Buenas Noches, Buenos Aires

We don’t always fly in Argentina.  But when we do, there’s an air traffic controllers’ strike. On the bright side, waiting an extra hour for the plane to take off gives one valuable time to reflect on our rich Buenos Aires experience.

It’s been quite a week.  I think we’ve all had enough meat and cheese to last us until Thanksgiving.  Paroma thought the Argentine meat was too “meaty”, whatever that means… I found it delicious.



Honorable mention goes to Santiago Veiga of ArCor, Argentina’s largest candy manufacturer.  He may have bribed his way to second place with free candy.  We’re willing to look the other way… Nom nom nom.

But overall what really struck me is just how emotionless the companies in Argentina have become to the anti-business policies of the Kirchner government.  Decades of economic turmoil and corrupt administrations have left the Argentines jaded and numb to the increasingly nonsensical taxes and regulations. To survive, Argentine companies don’t look years ahead, but days and weeks.

The theme of our seminars was ‘How to do business in Argentina’.  But we didn’t exactly learn how to do business in Argentina.  Instead, we learned not to do business in Argentina.

But to be fair, we learned much more than that.  We learned what a steam box was.  We learned that contracts are important; but not that important. We learned that red doesn’t always mean stop.  And we learned not to stay in shady neighborhoods after dark.

I guess it wasn’t fully dark; more like dusk.  The district of La Boca, home to the soccer club Boca Juniors, isn’t known to be the safest part of town.  In hindsight, we should’ve just taken a cab back instead of braving the empty streets toward the bus station.  The mugging that followed cost us $300 in cash, two cameras, one phone, and Ambrish’s Microsoft jacket.  I guess the mugger figured he could probably patch over the logo…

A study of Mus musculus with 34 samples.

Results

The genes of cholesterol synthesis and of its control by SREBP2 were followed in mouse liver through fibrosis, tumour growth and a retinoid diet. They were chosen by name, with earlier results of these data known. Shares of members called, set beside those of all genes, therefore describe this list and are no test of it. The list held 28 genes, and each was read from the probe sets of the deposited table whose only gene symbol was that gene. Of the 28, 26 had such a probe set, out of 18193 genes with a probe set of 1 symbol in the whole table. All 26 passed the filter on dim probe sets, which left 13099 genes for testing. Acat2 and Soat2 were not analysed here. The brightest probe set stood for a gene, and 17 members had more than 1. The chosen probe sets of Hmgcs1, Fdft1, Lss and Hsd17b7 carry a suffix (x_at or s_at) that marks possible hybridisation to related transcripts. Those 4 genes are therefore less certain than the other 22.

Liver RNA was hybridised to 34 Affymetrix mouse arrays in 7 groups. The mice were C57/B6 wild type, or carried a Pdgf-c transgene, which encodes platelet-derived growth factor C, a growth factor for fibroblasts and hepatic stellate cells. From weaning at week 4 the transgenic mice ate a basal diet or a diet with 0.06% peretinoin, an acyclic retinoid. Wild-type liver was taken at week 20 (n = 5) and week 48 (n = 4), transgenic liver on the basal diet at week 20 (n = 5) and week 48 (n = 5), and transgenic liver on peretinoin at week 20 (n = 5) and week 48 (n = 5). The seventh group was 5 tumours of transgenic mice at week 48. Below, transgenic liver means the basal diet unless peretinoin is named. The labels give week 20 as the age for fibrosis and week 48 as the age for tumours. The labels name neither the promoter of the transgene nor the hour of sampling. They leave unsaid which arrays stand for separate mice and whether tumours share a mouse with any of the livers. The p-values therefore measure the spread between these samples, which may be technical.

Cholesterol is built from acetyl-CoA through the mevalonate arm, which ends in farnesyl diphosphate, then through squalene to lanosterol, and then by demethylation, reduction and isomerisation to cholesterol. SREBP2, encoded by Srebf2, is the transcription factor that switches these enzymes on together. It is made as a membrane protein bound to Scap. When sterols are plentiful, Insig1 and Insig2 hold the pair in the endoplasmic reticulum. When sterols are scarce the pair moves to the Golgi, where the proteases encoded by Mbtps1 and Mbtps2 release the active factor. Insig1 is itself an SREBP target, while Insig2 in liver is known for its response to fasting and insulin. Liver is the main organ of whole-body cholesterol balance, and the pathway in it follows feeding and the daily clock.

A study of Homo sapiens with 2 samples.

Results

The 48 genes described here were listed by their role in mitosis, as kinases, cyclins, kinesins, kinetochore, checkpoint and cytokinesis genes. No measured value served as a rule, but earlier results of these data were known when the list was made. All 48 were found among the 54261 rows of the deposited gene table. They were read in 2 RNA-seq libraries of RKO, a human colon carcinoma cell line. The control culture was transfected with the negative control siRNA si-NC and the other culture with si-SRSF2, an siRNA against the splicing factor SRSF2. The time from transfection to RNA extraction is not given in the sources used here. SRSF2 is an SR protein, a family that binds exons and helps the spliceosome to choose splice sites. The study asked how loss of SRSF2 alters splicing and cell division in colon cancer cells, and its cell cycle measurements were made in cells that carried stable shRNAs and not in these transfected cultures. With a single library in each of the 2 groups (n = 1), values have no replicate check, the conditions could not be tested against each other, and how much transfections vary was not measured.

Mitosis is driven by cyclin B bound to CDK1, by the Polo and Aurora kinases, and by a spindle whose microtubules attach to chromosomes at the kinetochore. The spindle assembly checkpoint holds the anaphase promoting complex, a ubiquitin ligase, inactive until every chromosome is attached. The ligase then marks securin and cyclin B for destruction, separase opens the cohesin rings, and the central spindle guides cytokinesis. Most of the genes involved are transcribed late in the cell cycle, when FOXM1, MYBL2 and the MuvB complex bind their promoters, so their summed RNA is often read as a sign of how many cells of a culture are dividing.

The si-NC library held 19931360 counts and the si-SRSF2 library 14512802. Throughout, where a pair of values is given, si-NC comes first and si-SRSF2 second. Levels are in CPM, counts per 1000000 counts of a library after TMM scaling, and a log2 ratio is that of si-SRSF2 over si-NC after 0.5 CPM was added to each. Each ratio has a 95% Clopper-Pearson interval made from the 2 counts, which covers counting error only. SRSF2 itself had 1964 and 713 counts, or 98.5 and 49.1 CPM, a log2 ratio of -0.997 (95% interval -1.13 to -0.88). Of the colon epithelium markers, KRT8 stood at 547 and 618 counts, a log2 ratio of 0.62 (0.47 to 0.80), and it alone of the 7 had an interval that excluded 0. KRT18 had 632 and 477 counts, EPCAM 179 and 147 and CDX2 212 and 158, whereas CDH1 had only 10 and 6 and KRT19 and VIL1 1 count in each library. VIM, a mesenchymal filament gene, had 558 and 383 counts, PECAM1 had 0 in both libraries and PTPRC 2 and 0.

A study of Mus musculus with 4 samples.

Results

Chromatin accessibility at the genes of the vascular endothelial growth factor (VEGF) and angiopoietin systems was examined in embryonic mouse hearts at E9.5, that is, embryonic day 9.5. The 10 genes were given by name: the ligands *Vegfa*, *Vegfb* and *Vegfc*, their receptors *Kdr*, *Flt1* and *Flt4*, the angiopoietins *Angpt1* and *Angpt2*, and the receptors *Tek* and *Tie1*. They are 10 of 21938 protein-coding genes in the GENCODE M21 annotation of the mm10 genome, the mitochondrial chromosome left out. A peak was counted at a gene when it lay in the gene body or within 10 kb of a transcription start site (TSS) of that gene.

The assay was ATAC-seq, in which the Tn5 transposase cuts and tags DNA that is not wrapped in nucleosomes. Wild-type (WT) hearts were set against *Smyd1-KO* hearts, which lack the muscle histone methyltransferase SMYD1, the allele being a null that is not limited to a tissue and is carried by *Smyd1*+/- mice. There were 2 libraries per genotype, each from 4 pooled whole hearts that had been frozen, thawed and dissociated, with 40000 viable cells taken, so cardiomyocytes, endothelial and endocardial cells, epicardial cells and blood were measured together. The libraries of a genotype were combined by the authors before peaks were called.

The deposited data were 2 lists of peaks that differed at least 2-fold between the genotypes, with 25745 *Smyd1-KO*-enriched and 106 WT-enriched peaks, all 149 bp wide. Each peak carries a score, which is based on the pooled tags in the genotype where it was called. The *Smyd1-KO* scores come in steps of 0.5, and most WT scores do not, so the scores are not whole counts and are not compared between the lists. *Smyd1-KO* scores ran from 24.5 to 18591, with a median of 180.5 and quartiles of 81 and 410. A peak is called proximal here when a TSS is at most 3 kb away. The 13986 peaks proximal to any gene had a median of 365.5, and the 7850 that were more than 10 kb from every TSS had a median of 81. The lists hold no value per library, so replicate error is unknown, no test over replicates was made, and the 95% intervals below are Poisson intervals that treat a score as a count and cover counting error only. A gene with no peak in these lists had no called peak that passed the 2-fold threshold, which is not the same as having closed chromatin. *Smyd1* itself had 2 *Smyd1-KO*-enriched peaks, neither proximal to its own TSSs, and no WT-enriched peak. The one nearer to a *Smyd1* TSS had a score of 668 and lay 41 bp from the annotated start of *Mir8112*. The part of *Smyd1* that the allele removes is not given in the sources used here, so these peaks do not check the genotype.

Switching gears – it’s been an exciting sports week.  While the Europeans duke it out on the soccer fields of Poland and Ukraine, hosts of the Euro Cup, the South Americans are not standing idly by.  This week, Boca Juniors made it to the finals in the Latin America Cup, uniting all of Argentina behind the local team.  Building up to the Wednesday night match, the streets quickly fill with fans sporting the team’s blue and yellow colors.  We can feel the energy in the air, fueled by devoted soccer chants all around us.  Then, everything in the city freezes as crowds glue themselves to the nearest TV for a crucial 90 minutes, holding their breath at every shot. Suddenly, I’m a Boca fan.

Unfortunately, the blue and yellow fell to the Corinthians 2-0. The crowd was a little upset.  Ok, maybe very upset.  Survivor’s guide: steer clear of the rioting mob as you hop from bar to bar enjoying Quilmes, the domestic cerveza.

And I can safely say that we consumed our share of Quilmes this week.  And we danced our share, tango or otherwise.  It took some time to adjust to the Argentine party schedule, where the clubs don’t get poppin’ til 2am.  But once the dance floors fill, electronic beats and salsa music carry on deep into the night.

As the sun sets, our plane is finally cleared for takeoff.  Perhaps the delay is a blessing in disguise, as it allows us one last opportunity to witness the city after dark.  Having spent the week experiencing the Argentine night life, I am convinced of one thing:  No matter how much economic turmoil this country endures, the city of Buenos Aires will never cease to light up the night.